3. Align with Organizational Vision
Nehemiah knew he needed the king’s help to rebuild the wall in Jerusalem. As the king’s cupbearer, Nehemiah had access to the king and some sort of rapport. Over time, he built a close trusting relationship, which was evidenced by how the king noticed Nehemiah’s sad countenance and wanted to help. Nehemiah humbly and boldly asked for the king’s favor and made clear and specific requests that were granted.
Have you served your senior leaders in a way that builds trust? A critical way to gain their trust is to align your goals to the greater priorities of the organization. Remember you are part of a bigger team and being an effective team player means you adopt the greater organizational vision and contextualize it for your area of ministry. Communicate it clearly and consistently to your team and volunteers. Check the mission statement or stated goals of your specific ministry to see how well it lines up with the broader vision of your church.
Over time, your sphere of influence will reach other groups inside your organization. Choose to leverage your influence, not just for the good of your specific ministry, but also for the greater whole. If you have concerns with higher leadership decisions, air them privately with decision makers and not in public where it can be misconstrued or misunderstood. Remember, you represent the face of your ministry for both staff and congregation. When your team is aligned with the greater vision of the church and you have personal credibility with senior leadership, your ministry will be more fruitful.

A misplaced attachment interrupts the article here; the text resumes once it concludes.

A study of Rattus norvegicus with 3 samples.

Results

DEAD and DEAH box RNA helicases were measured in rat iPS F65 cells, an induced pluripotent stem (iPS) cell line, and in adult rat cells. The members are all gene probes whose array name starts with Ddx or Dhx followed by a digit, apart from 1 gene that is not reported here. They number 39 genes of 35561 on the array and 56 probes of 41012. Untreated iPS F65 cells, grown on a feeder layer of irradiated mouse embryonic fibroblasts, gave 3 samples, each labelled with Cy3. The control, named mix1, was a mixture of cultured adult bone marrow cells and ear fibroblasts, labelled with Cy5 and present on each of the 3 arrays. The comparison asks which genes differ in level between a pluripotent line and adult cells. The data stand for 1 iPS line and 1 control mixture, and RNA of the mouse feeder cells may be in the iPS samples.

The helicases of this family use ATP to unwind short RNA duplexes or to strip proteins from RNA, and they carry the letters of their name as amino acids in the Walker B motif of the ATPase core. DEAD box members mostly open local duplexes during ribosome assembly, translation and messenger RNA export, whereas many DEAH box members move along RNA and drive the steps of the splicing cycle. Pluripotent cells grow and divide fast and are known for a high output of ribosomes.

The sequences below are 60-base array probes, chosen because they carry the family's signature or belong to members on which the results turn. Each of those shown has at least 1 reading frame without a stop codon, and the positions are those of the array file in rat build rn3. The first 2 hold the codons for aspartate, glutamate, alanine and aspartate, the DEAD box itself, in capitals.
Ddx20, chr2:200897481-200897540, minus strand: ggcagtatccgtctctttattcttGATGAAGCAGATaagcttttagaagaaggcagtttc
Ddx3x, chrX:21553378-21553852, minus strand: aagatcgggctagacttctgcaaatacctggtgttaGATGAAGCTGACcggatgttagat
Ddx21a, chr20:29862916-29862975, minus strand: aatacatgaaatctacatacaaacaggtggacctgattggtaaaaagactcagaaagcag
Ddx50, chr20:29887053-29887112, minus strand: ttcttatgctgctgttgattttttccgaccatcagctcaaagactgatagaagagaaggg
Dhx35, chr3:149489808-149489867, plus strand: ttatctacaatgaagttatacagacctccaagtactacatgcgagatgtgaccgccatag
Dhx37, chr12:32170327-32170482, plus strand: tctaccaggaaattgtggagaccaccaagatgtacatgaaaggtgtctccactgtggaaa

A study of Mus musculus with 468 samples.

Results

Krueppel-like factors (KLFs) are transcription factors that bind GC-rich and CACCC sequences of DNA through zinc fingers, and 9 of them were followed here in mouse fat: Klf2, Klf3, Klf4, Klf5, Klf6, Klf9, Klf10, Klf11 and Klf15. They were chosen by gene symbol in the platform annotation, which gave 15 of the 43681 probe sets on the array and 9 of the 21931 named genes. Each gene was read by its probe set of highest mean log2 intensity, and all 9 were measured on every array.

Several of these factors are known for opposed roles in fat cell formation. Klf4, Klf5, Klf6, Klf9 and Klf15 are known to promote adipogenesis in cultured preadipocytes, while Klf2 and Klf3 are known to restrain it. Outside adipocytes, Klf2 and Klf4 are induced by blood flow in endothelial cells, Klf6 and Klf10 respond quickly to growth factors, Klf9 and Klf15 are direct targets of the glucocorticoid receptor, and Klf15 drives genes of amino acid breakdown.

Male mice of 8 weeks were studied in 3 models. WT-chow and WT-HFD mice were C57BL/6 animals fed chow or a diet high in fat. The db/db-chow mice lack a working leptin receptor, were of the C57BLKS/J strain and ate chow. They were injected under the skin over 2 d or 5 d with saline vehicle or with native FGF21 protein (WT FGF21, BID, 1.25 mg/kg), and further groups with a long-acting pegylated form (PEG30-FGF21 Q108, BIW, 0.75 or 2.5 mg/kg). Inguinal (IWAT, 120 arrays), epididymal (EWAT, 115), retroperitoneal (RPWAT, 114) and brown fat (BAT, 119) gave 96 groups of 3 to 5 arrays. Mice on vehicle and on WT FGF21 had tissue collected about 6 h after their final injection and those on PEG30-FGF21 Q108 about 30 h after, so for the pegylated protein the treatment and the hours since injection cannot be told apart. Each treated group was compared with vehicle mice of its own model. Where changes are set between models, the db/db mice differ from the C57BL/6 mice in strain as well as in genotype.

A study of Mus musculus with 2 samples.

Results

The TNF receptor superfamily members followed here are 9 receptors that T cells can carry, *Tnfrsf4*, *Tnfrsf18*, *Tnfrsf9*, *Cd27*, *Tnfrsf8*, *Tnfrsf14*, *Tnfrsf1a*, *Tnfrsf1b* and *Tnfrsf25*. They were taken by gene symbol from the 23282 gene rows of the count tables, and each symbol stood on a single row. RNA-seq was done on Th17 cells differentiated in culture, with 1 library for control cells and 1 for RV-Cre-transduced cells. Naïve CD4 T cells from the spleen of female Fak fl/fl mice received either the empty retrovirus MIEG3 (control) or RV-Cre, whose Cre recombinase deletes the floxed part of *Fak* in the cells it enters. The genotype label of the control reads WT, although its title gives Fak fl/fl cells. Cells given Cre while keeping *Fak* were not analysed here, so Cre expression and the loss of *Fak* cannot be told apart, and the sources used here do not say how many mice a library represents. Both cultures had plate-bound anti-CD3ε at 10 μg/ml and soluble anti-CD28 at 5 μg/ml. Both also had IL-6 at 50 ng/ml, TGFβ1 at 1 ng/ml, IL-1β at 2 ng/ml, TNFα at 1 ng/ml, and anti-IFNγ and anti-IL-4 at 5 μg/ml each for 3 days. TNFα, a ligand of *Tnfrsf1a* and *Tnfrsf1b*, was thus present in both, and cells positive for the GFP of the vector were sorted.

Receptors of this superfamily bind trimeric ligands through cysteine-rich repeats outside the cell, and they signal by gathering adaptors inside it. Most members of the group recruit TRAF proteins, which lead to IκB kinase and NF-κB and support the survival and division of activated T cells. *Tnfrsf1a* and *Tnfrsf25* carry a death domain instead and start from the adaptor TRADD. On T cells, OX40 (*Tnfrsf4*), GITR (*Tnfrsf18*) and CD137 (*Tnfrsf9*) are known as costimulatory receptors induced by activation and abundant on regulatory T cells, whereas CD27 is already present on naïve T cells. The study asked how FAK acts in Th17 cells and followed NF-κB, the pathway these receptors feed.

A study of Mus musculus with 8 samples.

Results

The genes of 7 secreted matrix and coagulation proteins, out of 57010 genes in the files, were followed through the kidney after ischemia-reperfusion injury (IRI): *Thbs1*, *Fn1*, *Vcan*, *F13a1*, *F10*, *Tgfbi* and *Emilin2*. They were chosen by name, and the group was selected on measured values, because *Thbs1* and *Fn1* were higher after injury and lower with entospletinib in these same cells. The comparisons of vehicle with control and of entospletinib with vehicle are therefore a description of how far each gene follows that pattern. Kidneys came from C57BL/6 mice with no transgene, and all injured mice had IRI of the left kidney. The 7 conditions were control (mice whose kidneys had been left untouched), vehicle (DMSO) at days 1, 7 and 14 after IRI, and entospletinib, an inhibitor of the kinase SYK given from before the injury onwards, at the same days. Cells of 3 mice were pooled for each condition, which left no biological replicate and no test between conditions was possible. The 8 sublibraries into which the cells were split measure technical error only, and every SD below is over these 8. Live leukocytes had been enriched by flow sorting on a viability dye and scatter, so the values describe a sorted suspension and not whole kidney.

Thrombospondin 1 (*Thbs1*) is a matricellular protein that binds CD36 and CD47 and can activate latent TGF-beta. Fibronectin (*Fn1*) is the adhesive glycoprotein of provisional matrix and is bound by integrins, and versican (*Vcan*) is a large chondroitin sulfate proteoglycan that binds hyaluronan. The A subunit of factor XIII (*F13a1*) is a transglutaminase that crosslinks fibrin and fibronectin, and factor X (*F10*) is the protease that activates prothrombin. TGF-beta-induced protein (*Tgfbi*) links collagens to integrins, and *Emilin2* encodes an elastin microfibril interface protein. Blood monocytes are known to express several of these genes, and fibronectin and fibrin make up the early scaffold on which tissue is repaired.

4. Invest in Your Team
After Nehemiah assembled a team to work on the wall, he was strategic in assigning different families and tribes to build various sections of the wall. Nehemiah knew their names, family histories, and was clear on who was doing what. He also knew who his opponents were and taught his people to defend themselves so the work could keep moving forward.
Each person on your team has a unique set of strengths, weaknesses, skills, and temperament. If you want to develop a strong team, you have to spend some time getting to know them. Ask questions or use personality assessments to jumpstart conversations about the values, preferences, and characteristics that drive each person’s behavior. Learn the basics about each other’s personal lives so you can rejoice and grieve with one another. There may be times when your members need some flexibility in their schedule or a little extra time to get the work done due to personal issues. Set boundaries, but be as gracious as the situation permits so trust and loyalty will increase.